Purushothama Rao Tata is a longer name than most folks can handle. So the newly-arrived Duke assistant professor of cell biology lets everyone call him Tata for short.
The 34-year-old’s research ideas can also be more than most folks can handle.
“The way I take it is that we have hundreds of questions, but there is only one question that I can pick for now as the most important and most relevant.” And that question is? Well, it’s a pretty long answer.
Tata’s time and his new lab at Duke will be split initially between two areas: the cell-to-cell communication that might lead to humans being able to regenerate lost tissues the way a salamander re-grows its tail, and a question about how squamous cell lung cancers come to be so different from the normal cells that begat them.
The two areas are more similar than you’d think, and both focus on the lung, where Tata uses tools and findings pioneered by Brigid Hogan, the chair of cell biology in the Medical School. His primary appointment will be there, but he’ll also have intellectual homes within the new Regeneration Next research initiative and the department of pharmacology and cancer biology.
“Tata is a regeneration biologist who discovered novel mechanisms for how the epithelial lining of lungs renews itself after injury,” said cell biologist Ken Poss, who directs Regeneration Next. “His work has been redefining how we think about stem cells and about the process of 'dedifferentiation,' or the reversal of fully developed cells to have more stem cell-like features.”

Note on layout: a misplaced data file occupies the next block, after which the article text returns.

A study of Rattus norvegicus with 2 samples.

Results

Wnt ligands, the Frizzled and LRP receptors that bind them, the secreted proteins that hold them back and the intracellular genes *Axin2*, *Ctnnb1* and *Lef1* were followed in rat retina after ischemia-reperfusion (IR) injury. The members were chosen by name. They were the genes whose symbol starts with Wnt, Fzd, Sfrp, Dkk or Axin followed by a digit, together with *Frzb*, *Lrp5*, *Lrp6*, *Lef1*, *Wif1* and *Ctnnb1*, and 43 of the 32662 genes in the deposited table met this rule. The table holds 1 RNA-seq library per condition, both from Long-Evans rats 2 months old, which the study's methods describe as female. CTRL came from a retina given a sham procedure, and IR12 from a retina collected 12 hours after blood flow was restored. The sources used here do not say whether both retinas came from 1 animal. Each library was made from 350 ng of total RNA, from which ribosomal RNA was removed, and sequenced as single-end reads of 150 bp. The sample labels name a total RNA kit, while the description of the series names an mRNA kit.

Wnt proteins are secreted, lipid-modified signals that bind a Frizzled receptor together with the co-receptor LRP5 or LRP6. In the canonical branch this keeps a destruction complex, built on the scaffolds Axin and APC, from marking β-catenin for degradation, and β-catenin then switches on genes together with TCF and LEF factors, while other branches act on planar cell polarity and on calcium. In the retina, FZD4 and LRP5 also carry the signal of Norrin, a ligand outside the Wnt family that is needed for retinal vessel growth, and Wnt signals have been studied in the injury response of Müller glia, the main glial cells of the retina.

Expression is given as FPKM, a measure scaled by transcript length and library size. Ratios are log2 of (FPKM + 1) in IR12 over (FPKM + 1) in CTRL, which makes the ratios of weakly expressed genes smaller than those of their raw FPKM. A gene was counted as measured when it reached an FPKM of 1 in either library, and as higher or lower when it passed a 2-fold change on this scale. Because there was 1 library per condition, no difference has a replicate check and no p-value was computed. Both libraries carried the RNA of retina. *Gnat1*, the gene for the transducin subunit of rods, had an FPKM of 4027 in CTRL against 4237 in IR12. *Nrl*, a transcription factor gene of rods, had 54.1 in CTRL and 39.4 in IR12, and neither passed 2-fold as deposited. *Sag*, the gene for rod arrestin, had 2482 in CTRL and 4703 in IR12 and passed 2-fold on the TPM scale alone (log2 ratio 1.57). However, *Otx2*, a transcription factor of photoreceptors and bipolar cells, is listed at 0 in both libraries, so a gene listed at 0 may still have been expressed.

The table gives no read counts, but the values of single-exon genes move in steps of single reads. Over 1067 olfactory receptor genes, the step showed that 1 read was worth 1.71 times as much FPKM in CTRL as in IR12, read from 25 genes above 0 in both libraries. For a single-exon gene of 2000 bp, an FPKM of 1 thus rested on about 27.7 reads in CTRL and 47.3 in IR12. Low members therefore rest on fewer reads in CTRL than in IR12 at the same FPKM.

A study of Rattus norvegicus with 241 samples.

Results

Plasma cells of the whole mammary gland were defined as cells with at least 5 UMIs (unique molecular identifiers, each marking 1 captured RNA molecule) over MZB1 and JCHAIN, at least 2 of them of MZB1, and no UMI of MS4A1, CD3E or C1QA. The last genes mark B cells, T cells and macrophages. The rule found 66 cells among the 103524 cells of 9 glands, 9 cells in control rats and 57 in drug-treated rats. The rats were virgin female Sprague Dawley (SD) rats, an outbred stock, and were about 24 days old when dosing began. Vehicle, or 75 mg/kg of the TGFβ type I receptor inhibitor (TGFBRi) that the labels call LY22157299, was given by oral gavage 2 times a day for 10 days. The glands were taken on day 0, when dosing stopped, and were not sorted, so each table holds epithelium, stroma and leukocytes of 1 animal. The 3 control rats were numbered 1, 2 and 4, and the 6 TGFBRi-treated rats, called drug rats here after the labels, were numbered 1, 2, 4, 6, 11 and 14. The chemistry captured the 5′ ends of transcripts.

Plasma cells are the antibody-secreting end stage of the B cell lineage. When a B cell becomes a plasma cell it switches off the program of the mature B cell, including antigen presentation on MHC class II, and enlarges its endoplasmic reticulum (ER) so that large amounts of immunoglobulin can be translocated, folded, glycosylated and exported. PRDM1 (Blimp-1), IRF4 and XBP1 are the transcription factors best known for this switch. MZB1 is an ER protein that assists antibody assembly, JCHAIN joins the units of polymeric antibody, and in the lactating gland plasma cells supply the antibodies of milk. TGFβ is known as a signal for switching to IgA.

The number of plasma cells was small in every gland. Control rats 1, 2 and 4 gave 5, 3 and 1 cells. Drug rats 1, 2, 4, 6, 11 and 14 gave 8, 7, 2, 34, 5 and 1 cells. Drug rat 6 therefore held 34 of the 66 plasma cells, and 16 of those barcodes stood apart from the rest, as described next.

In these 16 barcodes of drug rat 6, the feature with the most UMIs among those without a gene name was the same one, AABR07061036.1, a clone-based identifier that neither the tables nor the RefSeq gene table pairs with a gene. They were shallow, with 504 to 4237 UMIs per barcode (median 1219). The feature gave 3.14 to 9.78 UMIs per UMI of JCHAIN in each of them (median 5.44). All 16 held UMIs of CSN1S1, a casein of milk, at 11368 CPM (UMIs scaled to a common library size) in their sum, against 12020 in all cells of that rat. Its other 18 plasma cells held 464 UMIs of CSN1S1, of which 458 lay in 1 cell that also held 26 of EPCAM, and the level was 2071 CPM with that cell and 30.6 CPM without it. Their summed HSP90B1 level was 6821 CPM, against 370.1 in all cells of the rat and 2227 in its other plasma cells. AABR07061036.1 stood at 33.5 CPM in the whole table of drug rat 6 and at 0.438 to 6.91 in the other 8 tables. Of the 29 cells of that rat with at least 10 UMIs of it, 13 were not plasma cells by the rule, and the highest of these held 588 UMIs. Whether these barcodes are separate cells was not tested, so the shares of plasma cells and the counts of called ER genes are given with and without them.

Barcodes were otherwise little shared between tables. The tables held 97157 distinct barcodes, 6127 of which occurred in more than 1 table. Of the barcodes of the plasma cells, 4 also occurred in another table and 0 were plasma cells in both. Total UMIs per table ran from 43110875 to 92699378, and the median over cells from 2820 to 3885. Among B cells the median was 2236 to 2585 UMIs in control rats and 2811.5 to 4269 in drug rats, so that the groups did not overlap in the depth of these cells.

“What impresses me most about Tata is the breadth of his knowledge of technology and biology, and of the cross-cutting program he intends to establish here,” Poss said. “His grasp of both big picture and granular details is remarkable, and I think it will be a blast to interact with him and his lab.”
One of his collaborators early on will be with biomedical engineering assistant professor Brent Hoffman, whose work focuses on ‘mechanobiology,’ the ability of cells and tissues to sense physical forces in their environment. “I’m having a little trouble remembering the details of any one the approximately 4,000 potential projects we discussed!” Hoffman concedes. Tata said he wants to work with Hoffman on whether pressure within the chest cavity affects the size of lungs.
“Tata's arrival on campus will open a variety of new studies for my lab, as well as many others,” Hoffman said. “He can provide a great bridge between the cell biology, regenerative medicine, and engineering communities.”
In his native India, Tata earned a bachelor’s degree in biotechnology from Kakativa University and a master of science in animal biotechnology at the University of Hyderabad. His doctorate is from the University of Ulm in Germany, where he studied developmental biology. He then completed his postdoctoral training at Massachusetts General Hospital in the lab of Jayaraj Rajagopal, MD, a pulmonologist who studies regenerative medicine.
The promise of regenerative medicine is to understand the signals that allow some vertebrates to grow replacement parts, an ability humans may have had at some point, but lost along the way. Tata says he’s confident we’re on the right path to figuring it out, though it’ll be a long journey.
“We are looking at those salamanders and all the amazing things that are happening there, and we are surprised to see how many different regenerative things are occurring in our own tissues that we didn’t know about.”
Tata and his wife live in Chapel Hill with their toddler and infant. He started at Duke Aug. 15.